Colon and Rectal Surgery Malpractice

Colon and rectal surgery often referred to collectively as colorectal surgeries, carry risks and complications just as with any other surgical procedure. However, while there are such risks and complications inherent in any surgery, there are ways to minimize exposure of a patient to them – except in cases of medical malpractice, where the reverse is true. for otherwise healthy young people, unnecessary delays can lead to a lifetime of crippling disability or death.

Complications and risks of any surgery include an unexpected reaction to anesthesia, infection, or excessive bleeding. Infections are of a particular risk, especially depending on the type of surgery. Peritonitis, the medical name for an infection deep within the body, can occur in the abdominal cavity as a result of colon and rectal surgery and may require additional surgeries to remedy as well as long-term cycles of antibiotics. Excessive bleeding either during the surgical procedure or directly afterward can also lead to additional surgeries or at the very least blood transfusions. Meanwhile, it’s always a possibility that an ugly or painful scar can form at the incision site.


Risks and complications that are directly related to colorectal surgeries include damage to internal organs like the spleen, the bladder, and any connective tubes, perforation of the intestines and the stomach, and injuries to the ovaries, the uterus, or other female internal organs. Incisional hernias and disruptions or breakdowns of the abdominal walls can lead to corrective surgeries, and other complications include having unforeseen difficulties that necessitate either a temporary colostomy or a permanent one.


There are two major types of colon and rectal surgeries, and they hold specific risks exclusive to each other. In cases of traditional open surgeries that feature large incisions, these risks include injury to blood vessels, blood clots forming and floating through the bloodstream to cause blockages, organ failure, and muscle stripping. Additionally, the recovery period for an open incision is much longer than the other type of major colorectal surgery, which is a much less invasive procedure.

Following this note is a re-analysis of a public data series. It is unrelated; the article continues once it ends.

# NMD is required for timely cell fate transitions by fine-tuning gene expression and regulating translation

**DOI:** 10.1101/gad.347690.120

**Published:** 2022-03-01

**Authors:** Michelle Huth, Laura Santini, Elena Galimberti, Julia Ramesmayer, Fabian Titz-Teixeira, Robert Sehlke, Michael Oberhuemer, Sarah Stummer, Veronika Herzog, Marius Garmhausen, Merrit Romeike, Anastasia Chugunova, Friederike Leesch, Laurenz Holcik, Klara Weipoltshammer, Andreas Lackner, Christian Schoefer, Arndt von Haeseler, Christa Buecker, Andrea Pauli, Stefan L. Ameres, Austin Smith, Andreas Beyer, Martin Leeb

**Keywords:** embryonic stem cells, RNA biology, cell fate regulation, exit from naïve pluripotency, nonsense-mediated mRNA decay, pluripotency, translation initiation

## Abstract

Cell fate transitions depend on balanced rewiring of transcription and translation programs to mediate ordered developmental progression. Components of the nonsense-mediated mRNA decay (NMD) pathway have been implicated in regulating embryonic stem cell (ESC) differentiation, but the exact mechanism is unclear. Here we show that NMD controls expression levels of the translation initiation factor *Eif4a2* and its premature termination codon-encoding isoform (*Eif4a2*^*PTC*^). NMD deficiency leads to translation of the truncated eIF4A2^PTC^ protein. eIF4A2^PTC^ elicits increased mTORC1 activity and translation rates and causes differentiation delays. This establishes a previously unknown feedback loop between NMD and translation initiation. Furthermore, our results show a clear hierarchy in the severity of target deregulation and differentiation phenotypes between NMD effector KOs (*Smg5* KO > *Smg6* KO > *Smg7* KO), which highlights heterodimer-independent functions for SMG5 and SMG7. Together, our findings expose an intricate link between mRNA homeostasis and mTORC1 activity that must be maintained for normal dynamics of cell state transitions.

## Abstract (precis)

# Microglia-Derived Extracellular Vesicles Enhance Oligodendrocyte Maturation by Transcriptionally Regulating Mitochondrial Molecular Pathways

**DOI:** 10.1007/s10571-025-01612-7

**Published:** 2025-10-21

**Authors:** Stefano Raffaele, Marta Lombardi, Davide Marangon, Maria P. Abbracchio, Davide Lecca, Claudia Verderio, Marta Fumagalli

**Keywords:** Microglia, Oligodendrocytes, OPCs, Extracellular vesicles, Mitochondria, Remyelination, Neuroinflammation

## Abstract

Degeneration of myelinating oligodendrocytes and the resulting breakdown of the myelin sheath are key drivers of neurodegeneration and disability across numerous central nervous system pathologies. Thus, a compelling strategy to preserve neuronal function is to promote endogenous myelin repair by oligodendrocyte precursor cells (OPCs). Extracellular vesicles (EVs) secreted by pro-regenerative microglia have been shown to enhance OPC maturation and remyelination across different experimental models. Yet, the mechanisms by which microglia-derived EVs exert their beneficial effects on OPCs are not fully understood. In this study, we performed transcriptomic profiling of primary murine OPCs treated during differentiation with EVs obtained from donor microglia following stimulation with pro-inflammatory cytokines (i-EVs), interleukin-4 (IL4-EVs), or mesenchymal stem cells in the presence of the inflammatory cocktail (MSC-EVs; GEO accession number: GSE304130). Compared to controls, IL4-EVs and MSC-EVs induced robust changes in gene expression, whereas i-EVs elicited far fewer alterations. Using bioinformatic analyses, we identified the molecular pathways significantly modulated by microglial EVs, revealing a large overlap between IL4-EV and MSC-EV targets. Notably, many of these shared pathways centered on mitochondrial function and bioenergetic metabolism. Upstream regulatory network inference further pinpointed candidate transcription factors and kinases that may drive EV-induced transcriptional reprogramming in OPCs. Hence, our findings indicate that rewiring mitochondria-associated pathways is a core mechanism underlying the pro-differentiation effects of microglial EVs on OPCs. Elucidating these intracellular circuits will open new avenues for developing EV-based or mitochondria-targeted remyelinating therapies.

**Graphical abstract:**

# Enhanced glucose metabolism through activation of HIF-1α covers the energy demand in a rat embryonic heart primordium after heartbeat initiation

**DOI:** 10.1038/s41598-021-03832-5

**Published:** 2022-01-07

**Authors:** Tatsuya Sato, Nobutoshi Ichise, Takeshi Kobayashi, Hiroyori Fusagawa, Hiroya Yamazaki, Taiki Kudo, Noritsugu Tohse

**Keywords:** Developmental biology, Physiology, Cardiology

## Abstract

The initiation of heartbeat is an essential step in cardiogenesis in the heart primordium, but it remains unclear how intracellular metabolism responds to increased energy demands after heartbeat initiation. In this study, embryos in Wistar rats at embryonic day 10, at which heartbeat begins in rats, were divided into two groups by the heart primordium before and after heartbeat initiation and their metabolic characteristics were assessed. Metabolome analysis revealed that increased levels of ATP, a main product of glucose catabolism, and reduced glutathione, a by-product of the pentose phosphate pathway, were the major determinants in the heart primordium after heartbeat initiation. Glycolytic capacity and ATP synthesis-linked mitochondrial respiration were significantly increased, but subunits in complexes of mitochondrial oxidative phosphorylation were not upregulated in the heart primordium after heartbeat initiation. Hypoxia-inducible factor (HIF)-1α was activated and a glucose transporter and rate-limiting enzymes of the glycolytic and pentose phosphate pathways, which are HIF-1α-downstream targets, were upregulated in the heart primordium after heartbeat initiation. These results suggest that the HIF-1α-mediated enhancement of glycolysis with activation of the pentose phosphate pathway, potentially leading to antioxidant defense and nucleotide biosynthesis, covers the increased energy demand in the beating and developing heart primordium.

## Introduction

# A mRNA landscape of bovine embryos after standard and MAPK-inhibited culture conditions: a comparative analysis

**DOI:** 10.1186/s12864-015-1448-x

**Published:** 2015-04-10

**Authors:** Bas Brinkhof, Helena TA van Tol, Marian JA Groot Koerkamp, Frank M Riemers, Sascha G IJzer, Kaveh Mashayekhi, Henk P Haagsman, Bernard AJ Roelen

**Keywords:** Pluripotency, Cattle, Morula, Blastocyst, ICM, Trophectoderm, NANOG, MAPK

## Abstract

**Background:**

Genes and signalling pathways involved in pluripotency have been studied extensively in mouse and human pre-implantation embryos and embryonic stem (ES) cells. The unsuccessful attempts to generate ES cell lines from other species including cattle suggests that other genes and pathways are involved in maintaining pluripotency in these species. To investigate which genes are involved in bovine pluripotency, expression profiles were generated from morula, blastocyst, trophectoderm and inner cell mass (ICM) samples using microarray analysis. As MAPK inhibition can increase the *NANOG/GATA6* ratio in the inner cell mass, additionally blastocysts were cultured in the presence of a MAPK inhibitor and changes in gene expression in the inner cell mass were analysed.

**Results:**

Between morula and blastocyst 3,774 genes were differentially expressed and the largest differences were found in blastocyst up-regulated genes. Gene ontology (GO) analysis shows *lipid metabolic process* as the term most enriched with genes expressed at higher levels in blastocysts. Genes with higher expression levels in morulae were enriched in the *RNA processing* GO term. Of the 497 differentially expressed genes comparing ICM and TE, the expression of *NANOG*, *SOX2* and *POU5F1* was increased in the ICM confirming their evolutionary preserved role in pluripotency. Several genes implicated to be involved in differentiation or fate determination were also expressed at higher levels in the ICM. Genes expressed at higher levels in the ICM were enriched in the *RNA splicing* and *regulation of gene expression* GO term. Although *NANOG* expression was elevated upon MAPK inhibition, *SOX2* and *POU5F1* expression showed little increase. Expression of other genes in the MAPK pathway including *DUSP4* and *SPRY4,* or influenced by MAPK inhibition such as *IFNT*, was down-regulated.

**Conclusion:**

Even minimally-invasive laparoscopic procedures also have complications associated with them. Bleeding is always a risk, as well is organ perforation just as it is in open incision surgeries. Infection, trocar injuries, and blood clots in the lung are also possible risks. In the event of these complications arising during the procedure, surgeons may need to convert to an open surgery instead to protect the health of the patient, even though this opens up the patient to the myriad risks of this more invasive surgery.


No surgeon goes into a procedure hoping that complications or injuries develop during the surgery or afterward. Despite this, mistakes are sometimes made that lead to these risks becoming reality – and in cases that medical staff was the cause of these injuries, this could mean that they might be held liable for the injuries and any damages that arise from them.

Medical malpractice, which is a subset of professional negligence, can lead to severe injury and even death in many patients, though the incidence rate of medical malpractice, including colon and rectal surgery malpractice, is relatively low. However, if you feel your surgeon might have engaged in professional negligence when it comes to your colorectal surgery, and you’ve suffered physical, emotional or mental harm – or if you’ve suffered financial hardship as a result – you could be eligible for compensation from the medical professional responsible for your injuries. Speak to a qualified medical negligence attorney to ensure that you receive the compensation you might be entitled to as a result.